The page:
A memoir about what it means to love someone in a second language. The author finds this out for herself when she falls in love with a frenchman, wondering if there are things she doesn't understand about him becasue she has never spoken to him in his native tongue.
I would recommend Lauren Collins’s lovely memoir to anyone who has ever tried and failed to learn French ... It is both a highly engaging primer on language and a touching and funny love story ... The snippets of language anomalies are fascinating ... This charming book is not just about the language gulf, but the gulf between all human beings, and how we all try to learn to walk in another person’s shoes.
...[an] engaging and surprisingly meaty memoir ... Readers looking for the romantic spark of classic cross-cultural love stories featuring an effusive American and a restrained Frenchman will find flashes of it here...But there's far more to Collins' book than screwball comedy, and those who have weathered linguistic crossings themselves are apt to find particular resonance in its substantive inquiry into language, identity, and transcultural translation.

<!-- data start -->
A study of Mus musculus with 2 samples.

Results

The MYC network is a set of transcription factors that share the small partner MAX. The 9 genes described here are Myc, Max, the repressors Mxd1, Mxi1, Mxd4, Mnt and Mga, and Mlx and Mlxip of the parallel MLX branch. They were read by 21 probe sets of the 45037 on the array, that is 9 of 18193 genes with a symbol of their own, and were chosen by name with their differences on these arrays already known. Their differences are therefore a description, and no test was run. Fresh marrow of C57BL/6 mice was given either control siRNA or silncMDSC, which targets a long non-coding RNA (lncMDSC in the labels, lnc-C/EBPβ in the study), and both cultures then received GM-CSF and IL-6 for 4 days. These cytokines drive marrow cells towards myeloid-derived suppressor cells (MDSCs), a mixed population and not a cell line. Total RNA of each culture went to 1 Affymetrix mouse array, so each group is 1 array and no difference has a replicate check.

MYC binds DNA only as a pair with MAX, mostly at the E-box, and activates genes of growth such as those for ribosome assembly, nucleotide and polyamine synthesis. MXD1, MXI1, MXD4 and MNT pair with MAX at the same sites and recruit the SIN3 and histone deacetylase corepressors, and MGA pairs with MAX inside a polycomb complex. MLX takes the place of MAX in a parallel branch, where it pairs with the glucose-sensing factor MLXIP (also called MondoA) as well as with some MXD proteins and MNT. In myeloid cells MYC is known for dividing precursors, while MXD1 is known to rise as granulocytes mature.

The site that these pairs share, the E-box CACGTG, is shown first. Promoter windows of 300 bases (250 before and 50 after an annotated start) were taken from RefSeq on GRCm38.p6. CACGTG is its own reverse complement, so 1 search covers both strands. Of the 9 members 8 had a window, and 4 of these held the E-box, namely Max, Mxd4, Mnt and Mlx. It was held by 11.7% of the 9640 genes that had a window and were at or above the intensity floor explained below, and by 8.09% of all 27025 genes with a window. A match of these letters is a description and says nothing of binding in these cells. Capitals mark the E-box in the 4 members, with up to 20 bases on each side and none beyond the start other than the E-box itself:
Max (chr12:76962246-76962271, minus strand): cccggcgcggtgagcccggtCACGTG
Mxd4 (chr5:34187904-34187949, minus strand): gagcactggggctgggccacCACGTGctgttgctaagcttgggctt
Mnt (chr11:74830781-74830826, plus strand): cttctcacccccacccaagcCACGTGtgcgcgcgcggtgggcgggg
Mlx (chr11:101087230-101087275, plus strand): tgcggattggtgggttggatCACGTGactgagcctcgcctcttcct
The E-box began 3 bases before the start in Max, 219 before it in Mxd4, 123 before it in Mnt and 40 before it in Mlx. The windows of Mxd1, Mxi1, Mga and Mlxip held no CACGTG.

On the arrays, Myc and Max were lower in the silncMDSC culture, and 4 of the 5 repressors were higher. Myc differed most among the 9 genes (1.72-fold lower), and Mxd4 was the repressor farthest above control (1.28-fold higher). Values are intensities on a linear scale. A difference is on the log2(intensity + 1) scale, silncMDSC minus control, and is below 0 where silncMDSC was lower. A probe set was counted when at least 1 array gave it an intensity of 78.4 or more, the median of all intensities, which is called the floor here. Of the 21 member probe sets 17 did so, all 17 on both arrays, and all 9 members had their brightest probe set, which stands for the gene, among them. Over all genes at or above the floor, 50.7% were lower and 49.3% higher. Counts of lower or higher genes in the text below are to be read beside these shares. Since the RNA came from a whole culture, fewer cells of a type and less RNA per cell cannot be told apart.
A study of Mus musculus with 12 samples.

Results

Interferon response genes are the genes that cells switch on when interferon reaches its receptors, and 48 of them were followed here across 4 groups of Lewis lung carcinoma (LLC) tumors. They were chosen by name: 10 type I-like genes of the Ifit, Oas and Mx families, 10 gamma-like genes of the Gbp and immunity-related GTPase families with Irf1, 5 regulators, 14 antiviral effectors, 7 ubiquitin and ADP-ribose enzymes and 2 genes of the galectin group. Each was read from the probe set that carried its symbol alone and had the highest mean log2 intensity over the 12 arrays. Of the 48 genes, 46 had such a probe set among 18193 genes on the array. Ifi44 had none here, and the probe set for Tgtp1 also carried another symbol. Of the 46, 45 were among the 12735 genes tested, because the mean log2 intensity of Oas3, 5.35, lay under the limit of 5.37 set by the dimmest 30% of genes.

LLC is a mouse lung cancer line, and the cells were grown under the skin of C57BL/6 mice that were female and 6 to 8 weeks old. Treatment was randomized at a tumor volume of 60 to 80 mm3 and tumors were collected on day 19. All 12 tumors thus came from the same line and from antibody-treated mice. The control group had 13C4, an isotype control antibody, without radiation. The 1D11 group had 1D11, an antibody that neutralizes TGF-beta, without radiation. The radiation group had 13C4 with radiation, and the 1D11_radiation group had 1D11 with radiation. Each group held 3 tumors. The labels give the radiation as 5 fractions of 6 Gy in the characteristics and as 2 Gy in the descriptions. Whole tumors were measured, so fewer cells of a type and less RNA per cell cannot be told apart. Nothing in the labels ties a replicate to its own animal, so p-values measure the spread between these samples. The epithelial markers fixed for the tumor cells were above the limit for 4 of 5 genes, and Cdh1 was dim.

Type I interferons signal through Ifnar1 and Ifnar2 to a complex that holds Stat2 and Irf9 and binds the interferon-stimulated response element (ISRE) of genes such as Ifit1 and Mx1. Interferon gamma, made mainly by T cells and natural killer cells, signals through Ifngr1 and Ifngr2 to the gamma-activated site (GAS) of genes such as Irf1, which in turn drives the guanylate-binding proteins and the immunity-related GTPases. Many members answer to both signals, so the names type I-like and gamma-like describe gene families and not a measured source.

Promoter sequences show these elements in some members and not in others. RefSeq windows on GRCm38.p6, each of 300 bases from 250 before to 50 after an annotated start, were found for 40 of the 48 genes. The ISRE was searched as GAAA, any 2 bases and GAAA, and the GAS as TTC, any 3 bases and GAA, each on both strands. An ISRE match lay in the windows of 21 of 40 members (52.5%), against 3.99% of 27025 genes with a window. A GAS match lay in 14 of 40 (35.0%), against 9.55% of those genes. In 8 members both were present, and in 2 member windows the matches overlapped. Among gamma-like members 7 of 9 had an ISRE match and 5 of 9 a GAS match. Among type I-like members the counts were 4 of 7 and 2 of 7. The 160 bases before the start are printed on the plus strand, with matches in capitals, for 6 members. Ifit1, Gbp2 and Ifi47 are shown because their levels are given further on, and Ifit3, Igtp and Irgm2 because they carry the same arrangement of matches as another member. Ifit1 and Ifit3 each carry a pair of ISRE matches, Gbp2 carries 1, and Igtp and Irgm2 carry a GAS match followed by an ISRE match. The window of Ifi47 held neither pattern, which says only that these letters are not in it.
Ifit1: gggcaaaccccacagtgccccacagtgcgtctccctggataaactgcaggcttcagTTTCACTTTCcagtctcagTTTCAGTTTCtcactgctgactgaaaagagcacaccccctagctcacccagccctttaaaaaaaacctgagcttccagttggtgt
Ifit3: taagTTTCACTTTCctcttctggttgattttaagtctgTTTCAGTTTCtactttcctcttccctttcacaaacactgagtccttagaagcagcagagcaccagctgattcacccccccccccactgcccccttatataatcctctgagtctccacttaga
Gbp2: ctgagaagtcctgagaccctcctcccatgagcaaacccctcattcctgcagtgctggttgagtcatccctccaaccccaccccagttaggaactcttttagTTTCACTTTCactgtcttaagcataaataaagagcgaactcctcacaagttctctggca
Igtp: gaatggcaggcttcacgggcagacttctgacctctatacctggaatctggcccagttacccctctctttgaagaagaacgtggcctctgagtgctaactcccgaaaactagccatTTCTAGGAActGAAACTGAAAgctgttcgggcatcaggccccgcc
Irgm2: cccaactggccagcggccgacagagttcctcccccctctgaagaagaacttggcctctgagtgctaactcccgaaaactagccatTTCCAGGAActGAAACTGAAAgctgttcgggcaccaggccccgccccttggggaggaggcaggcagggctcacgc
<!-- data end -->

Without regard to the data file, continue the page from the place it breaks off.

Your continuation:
Collins’s book turns out to be far more ambitious than the average memoir about moving abroad. Its first pages are not a good gauge of what is to come: a thoughtful, beautifully written meditation on the art of language and intimacy. The book unfolds like several books in one: on moving abroad, on communication in human relationships, on the history of language and, in the end, on the delights of cross-cultural fusion ... the woman sure knows how to close a paragraph. I often found myself shaking my head in admiration at her sentences, the way her ideas would cohere ... By the end, however, I was somewhat confused as to the larger thrust of When in French. Foreign languages do not seem to pose that terrible a threat to Collins’s relationship, and thus the stakes of the enterprise feel low.